The finder of this coin asked to remain anonymous. He asked for a valuation so that he could give the landowner his half of its value. It’s an early Scottish silver penny, which was struck for William the Lion, circa 1195-1205. The coin is an example of phase A of the short cross and stars coinage.
On the obverse is the head of the king with a sceptre in front. The head looks rather crude but some of the representations of William the Lion are even worse than this one. On the reverse is the short cross and stars.
The finder reported this coin after it was unearthed and it was subsequently listed on the PAS database. The moneyer was identified as Hue and the mint as Edinburgh. The identification was on the basis of figure 41 on page 66 in The Coinage of Scotland by E. Burns. This was published in 1887 but is still by far the best reference work on the coinage of Scotland. The reverse legend on the coin published by Burns was interpreted as hVE ON EDINEBVR; on the coin under discussion hVE O- – – -NEBVR can be seen. At first I was dubious about the reading, for I cannot remember ever having seen a reverse legend with the orientation as on this coin. The legend normally starts with a cross directly above one of the arms of the voided cross. However, on this coin the legend starts between two arms of the cross.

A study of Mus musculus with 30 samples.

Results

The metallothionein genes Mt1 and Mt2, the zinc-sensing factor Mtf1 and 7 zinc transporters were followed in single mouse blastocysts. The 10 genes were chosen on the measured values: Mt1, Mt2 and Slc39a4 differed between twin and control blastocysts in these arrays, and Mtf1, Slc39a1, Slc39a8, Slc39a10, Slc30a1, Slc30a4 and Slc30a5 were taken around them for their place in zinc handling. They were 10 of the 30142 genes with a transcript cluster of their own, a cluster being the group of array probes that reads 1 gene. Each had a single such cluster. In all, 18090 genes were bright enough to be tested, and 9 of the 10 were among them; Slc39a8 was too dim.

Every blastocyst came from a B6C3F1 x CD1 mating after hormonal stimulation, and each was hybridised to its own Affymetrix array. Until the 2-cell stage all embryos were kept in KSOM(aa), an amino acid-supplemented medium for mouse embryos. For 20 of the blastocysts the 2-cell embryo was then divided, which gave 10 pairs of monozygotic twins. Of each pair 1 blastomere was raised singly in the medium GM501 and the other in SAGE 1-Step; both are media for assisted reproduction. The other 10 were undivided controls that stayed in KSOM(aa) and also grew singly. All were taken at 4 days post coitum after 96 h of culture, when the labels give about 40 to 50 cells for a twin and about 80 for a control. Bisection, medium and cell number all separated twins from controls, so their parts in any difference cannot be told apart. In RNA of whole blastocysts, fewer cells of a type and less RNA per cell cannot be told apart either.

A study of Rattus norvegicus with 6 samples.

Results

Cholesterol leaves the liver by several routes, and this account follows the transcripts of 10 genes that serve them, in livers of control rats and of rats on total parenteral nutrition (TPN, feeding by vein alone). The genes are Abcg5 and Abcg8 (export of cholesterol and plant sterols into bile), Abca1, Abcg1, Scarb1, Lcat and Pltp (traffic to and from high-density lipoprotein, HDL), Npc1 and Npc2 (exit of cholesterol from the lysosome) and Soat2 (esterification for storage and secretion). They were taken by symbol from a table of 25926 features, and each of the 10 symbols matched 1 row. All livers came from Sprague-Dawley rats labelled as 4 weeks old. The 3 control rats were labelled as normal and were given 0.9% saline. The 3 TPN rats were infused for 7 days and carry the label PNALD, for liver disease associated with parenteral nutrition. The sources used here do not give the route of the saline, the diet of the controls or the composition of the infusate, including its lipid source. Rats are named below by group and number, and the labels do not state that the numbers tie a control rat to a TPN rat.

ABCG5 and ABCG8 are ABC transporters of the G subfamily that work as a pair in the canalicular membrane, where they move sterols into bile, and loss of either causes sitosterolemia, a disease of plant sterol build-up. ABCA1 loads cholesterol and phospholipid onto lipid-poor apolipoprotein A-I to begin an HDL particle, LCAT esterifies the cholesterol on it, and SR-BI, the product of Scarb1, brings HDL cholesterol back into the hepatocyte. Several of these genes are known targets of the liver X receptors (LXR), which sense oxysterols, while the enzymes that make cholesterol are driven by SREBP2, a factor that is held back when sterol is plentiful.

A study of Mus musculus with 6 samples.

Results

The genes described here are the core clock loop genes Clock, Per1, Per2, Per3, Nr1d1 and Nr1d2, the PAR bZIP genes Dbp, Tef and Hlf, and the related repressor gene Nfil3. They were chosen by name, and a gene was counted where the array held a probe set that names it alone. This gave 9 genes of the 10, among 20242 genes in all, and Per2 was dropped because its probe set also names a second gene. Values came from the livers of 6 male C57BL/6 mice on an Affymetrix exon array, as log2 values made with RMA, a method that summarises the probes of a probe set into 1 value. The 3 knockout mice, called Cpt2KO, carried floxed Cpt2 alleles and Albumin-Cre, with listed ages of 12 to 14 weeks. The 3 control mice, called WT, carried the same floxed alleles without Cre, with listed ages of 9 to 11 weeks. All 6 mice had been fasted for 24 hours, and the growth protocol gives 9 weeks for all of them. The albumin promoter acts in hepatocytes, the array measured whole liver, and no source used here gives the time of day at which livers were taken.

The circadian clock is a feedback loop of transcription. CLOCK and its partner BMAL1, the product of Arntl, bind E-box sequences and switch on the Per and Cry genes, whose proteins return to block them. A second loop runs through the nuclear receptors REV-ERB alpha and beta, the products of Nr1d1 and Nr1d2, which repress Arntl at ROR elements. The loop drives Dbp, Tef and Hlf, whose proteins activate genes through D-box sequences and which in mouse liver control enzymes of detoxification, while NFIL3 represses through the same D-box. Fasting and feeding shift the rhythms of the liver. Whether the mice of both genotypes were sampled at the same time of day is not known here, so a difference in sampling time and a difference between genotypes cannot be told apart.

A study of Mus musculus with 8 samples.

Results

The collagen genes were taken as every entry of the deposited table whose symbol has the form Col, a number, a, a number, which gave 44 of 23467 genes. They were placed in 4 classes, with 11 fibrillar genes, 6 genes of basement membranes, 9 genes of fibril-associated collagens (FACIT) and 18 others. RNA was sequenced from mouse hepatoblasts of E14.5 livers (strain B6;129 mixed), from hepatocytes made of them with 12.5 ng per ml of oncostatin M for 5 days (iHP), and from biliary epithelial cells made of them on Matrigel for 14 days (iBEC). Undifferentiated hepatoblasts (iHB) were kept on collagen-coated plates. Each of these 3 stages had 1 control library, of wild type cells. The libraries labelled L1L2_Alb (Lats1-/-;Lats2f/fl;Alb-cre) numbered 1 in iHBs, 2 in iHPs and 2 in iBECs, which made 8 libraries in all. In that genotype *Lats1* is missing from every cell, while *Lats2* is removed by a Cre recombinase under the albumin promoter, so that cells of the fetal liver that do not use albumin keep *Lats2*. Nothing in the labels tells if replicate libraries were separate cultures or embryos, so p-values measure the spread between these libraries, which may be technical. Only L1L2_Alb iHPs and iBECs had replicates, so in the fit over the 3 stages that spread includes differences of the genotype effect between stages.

The legend is certainly anomalous but everything else is as it should be. And. I have no reason to believe that the interpretation of the legend (as given in Burns) is wrong.
William the Lion pennies bearing the name of a mint and a moneyer are much scarcer than the later coins struck jointly by Hue and Walter. About one third of this specimen is flat on both sides but the rest of it shows up very well. In terms of value, were I cataloguing it for sale at auction then in its present condition I would place upon it a pre-sale estimate of £180 – £250.